How to keep track of your business loans

Keep an eye on who and what you owe

This is available on the Growing Business or Established Entrepreneur plans

Running your business day-to-day can take up a lot of your time, we get it, and keeping track of all your business expenses can be quite intimidating and time-consuming. But tracking your business spend is so important as it helps you see exactly how your business is doing and how long you have to pay back what you have borrowed. As much as we love to track how much money is flowing into our business, we always need to be aware of what is flowing out, now and in the future.

What are business loans?

If your business borrows money, from a bank, lender or maybe even an investor, that has to be paid back over time with interest, you have loans. You may need these loans to help grow your business, cover costs when you are short on cash or help you get the equipment or inventory you need.

Types of loans?

When you borrow money for your business, it’s important to know what impact that has on your books and what it all means. There are two main types of loans your business may have. Let's unpack them...

1. Short-term loans

These are smaller loans that your business has that will be paid off in a shorter period of time, within 12 months or less to be precise.

Examples of these can be:

  • Credit cards: A credit limit is set and your business can tap into the line of credit as needed and pay it back in monthly instalments
  • Small cash loans: Borrowing a small amount of money that you can pay back within a year
  • Small asset financing: This is when you either borrow money to buy assets you need for your business or pay off the assets with financing from the company you are buying the assets from. These assets can be anything from office furniture to tools and equipment for your business

2. Long-term loans

These loans come with much longer repayment terms, which can be anywhere from 2 to 25 years. These bad boys are going to be around for a looooooong time.

Examples of these can be:

  • Bigger asset financing: This is when you take a loan out for assets like cars, computers, more expensive equipment etc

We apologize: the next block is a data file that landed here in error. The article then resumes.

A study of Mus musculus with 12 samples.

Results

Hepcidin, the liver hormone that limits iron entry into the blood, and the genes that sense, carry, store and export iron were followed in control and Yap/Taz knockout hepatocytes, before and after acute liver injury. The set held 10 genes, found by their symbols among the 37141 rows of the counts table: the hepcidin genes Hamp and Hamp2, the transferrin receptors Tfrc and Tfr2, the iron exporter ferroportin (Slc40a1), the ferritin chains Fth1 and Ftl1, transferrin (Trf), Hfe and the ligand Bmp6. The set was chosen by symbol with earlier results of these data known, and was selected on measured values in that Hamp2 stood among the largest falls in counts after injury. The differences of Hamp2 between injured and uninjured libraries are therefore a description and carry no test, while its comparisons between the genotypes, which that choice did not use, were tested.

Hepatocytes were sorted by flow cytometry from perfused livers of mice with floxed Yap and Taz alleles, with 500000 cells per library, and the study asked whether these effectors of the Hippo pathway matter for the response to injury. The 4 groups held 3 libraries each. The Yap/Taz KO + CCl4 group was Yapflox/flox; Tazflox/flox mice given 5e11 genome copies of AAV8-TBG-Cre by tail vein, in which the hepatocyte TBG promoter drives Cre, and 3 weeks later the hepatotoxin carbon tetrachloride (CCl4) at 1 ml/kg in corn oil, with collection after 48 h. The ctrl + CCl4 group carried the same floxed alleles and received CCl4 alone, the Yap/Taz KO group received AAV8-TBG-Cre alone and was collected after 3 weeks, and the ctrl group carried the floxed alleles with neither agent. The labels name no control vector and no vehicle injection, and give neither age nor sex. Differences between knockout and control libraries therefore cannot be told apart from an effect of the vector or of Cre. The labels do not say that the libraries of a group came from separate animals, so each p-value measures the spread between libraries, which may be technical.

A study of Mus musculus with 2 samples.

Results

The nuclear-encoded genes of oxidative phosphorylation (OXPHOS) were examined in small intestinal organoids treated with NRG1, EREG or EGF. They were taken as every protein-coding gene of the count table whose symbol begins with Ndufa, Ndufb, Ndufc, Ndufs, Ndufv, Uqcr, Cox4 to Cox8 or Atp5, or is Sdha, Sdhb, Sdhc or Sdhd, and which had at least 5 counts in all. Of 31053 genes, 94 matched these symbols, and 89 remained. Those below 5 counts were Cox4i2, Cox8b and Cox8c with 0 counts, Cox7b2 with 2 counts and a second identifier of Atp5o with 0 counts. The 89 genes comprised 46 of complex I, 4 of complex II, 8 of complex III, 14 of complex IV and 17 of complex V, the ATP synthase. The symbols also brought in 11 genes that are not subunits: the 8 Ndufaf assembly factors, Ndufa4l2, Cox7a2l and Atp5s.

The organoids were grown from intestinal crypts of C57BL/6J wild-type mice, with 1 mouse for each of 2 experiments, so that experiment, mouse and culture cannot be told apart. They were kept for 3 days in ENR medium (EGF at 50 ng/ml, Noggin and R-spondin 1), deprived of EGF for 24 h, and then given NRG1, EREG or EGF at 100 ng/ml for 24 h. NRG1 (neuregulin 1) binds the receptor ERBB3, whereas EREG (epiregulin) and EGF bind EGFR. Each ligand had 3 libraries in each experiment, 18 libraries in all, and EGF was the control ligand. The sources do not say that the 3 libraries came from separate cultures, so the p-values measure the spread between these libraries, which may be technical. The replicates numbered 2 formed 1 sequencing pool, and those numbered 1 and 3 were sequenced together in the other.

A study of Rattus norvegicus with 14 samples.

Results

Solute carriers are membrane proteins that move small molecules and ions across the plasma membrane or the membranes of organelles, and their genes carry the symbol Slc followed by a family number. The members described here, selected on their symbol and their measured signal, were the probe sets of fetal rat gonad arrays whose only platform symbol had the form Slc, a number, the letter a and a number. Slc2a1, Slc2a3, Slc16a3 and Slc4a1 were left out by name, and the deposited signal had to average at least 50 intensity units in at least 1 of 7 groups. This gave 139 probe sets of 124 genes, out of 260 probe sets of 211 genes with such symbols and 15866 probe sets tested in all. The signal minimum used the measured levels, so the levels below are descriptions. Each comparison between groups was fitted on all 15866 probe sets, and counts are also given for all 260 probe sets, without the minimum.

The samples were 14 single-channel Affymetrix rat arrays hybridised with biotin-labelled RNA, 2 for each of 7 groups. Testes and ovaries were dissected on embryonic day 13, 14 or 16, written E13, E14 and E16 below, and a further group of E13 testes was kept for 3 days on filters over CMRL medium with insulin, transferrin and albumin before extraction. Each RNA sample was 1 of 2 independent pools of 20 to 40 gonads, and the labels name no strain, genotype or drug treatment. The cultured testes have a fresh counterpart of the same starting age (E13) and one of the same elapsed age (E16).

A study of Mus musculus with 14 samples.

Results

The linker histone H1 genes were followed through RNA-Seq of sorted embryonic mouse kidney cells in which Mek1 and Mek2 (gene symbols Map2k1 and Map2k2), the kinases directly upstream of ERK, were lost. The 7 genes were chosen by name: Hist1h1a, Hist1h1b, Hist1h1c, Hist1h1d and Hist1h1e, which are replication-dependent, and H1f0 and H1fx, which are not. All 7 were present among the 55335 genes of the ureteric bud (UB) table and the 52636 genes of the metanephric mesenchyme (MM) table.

• Property loans: If you are buying office space, land or any other property on finance
  • Bigger cash loans: These are larger sums of money you borrow that are going to take you more than a year to pay back

How to track your loans and credit in stub

If your business has a loan, whether it be a credit card, a sum of money or financing an asset, you need to add that to your books to keep a record of how much you have paid off and how much you still owe.

In stub, you can add your loans super easily and here how...

1. Add a loan account

  • Head on over to the "Accounts" section in stub and "Add a loan". Give it a name like Director loan or Scooter loan.
  • Add your loan details and the amount (balance) you still owe towards that loan
  • Select if it is a short-term (you will be able to pay it off within 12 months)

2. Record your loan repayments

  • When you make any repayments towards a loan, add the “Loan repayment” as an expense and select the loan it applies to.

3. Record the loan Interest

  • Record any interest you pay on a loan as an "Interest Capitalised" expense and select the loan it applies to.

Make sure you set up separate loan accounts if you have multiple loans to track each one individually. We will do all the heavy lifting in the background and add your loans as a liability on your balance sheet for you.

A few terms you may hear when it comes to loans

Interest rates: the amount lenders charge you to borrow money from them. It is usually a percentage of the amount you want to borrow. So for example, if you borrow R3000 and the lender wants to charge you interest of 10%. It means that you will have to pay interest of R3000*10% = R300 on top of your loan repayment.

Repayment terms: terms set by the lender so you can repay them what you borrowed. These terms are normally monthly payments made to the lender until the loan is paid off. For example, you have borrowed R3000 from Tom and Tom wants you to pay him back his R3000 by paying him R300 (plus interest) every month for the next 10 months.